Monday, November 10, 2008

Misdemeanor Domestic Violence and Guns Rights

A person gets in a bar fight, uses a bar stool and beats someone. Arrested and receives a misdemeanor conviction. The person still has the federal right to possess a firearm.

A person slaps his or her live in companion. Arrested and receives a Misdemeanor Domestic Violence conviction. Banned from possessing a firearm for life.

I never agreed that those convicted of Misdemeanor Domestic Violence should be forever banned from possessing a firearm.

Why the NRA rolled on this when it was brought up for a vote is beyond me.

I hope the Supreme Court will make the correct ruling on the case before it.


Gun Case Heard in U.S Supreme Court
Washington, D.C.


A Second Amendment gun case that originated in Marion County is now at the United States Supreme Court. The Highest Court in the Nation began hearing arguments from the 2004 case of United States vs. Hayes on Monday.

The case revolves around a federal law that makes it a crime to possess a gun after a misdemeanor crime of domestic violence. The U.S. Supreme Court is expected to decide whether a misdemeanor of simple battery fulfills the definition of domestic violence. The Court will also decide if the law can be applied retroactively since the conviction of battery happened back in 1994 before the federal statute was passed.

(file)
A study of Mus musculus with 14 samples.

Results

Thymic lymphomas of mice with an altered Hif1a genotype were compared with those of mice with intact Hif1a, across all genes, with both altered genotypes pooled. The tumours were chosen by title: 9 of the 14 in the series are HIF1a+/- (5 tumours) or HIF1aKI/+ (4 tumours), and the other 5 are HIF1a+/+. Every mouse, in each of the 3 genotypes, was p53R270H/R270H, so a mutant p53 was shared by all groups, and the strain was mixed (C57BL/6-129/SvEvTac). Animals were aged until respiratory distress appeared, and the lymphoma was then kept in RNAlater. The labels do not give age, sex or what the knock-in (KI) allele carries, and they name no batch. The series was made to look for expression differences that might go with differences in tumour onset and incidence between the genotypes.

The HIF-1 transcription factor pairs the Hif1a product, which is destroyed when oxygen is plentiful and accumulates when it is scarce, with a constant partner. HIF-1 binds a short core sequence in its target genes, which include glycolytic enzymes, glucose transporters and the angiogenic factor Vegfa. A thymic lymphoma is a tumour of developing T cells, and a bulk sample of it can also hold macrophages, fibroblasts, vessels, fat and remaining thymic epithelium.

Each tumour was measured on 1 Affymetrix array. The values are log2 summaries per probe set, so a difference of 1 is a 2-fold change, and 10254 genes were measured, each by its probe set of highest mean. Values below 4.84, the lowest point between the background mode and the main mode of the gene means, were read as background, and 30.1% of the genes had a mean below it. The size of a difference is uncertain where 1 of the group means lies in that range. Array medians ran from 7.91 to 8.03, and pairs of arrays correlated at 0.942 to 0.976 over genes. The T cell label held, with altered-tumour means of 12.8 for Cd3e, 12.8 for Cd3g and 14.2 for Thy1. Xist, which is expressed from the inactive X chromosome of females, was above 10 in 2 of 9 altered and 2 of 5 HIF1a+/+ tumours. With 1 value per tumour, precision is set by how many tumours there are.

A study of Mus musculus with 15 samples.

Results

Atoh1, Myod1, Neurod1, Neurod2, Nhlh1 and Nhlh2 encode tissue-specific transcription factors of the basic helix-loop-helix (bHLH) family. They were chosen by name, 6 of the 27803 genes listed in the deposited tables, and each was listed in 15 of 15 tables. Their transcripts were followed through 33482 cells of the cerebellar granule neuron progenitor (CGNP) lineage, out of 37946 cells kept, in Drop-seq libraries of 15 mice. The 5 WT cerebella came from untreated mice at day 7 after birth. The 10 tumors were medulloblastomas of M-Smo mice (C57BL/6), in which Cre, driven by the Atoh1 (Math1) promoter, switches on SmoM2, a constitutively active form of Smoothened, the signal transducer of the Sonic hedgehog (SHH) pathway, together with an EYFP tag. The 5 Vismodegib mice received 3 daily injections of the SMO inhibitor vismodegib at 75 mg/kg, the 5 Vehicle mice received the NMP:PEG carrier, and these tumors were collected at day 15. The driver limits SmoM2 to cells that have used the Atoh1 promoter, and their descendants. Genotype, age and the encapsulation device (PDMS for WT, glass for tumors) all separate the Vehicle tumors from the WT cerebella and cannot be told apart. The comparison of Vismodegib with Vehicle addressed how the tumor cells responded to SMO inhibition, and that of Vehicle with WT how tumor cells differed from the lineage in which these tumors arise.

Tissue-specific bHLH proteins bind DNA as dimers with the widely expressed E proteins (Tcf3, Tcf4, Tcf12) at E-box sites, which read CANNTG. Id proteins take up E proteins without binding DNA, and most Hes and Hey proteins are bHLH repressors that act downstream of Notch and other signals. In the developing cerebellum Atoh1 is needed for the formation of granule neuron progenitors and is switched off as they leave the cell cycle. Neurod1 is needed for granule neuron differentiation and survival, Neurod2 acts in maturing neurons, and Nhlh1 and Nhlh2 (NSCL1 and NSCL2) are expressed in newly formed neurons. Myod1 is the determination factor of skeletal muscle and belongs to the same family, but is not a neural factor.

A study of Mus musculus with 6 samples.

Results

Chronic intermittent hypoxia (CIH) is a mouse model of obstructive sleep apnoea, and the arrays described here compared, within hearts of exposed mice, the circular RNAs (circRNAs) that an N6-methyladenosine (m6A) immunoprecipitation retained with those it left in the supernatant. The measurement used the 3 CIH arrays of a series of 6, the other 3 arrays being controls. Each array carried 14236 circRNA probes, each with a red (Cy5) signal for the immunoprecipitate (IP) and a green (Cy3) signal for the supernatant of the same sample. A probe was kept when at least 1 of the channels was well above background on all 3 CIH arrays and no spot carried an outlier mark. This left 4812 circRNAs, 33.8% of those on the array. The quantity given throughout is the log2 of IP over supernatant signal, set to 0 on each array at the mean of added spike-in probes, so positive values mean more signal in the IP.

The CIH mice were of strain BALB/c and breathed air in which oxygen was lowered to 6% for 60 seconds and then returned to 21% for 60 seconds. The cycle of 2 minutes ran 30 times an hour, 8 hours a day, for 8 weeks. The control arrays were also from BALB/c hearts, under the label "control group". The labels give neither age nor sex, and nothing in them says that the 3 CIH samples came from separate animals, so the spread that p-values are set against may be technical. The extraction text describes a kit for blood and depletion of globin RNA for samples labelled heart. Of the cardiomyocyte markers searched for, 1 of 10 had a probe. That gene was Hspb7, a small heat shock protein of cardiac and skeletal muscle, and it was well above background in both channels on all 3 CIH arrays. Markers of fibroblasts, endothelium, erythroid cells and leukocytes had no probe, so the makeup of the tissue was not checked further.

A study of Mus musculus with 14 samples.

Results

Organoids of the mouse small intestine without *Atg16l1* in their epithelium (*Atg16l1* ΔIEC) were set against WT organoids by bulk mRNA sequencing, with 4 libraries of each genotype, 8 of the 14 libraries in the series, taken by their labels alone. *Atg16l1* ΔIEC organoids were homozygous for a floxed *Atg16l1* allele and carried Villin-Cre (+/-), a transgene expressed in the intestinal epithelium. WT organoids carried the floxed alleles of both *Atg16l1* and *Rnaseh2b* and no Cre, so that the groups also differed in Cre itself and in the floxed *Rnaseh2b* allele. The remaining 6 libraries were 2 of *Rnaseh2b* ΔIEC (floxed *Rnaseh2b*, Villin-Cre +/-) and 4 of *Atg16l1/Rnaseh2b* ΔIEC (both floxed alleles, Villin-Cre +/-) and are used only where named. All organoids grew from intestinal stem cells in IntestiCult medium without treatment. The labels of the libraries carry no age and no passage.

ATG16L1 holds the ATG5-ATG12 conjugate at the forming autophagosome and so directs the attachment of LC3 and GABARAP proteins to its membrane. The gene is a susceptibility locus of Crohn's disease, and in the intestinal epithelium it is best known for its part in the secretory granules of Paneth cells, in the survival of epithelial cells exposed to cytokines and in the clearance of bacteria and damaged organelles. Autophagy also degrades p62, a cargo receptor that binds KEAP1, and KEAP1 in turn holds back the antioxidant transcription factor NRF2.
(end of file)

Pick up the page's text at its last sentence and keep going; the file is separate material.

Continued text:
Charleston attorney Troy Giatras is arguing the case for Randy Hayes, the man accused of breaking the gun law, against the federal government.

"Individuals that only had a regular assault or a regular battery would not be prohibited from owning a firearm. Instead, it would relate to what the statute truly was aimed at and that was people who were convicted of domestic battery," says Giatras.

The case has already been heard in the U.S. Fourth Circuit Court of Appeals back in 2007. That court agreed with Giatras's argument and ruled in favor of Hayes. However, the U.S. Department of Justice appealed the case to the Supreme Court, and the Court agreed to hear the case based on other federal court decisions that conflicted with the Fourth Circuit's assessment.

This was Giatras's first trip to the Supreme Court. He's says thousands of hours have gone into preparing for this case.

"It was the pinnacle of my career, and at the same time. It was something I probably dreaded it only because of the level of preparation far exceeded my level of expectation," says Giatras.

A written decision in the United States vs. Hayes should come down some time before June 2009. This is the second gun control case heard by the U.S. Supreme Court. Earlier in the year, the Court struck down Washington, D.C.'s 32-year-old ban on handguns as unconstitutional in a 5-4 decision.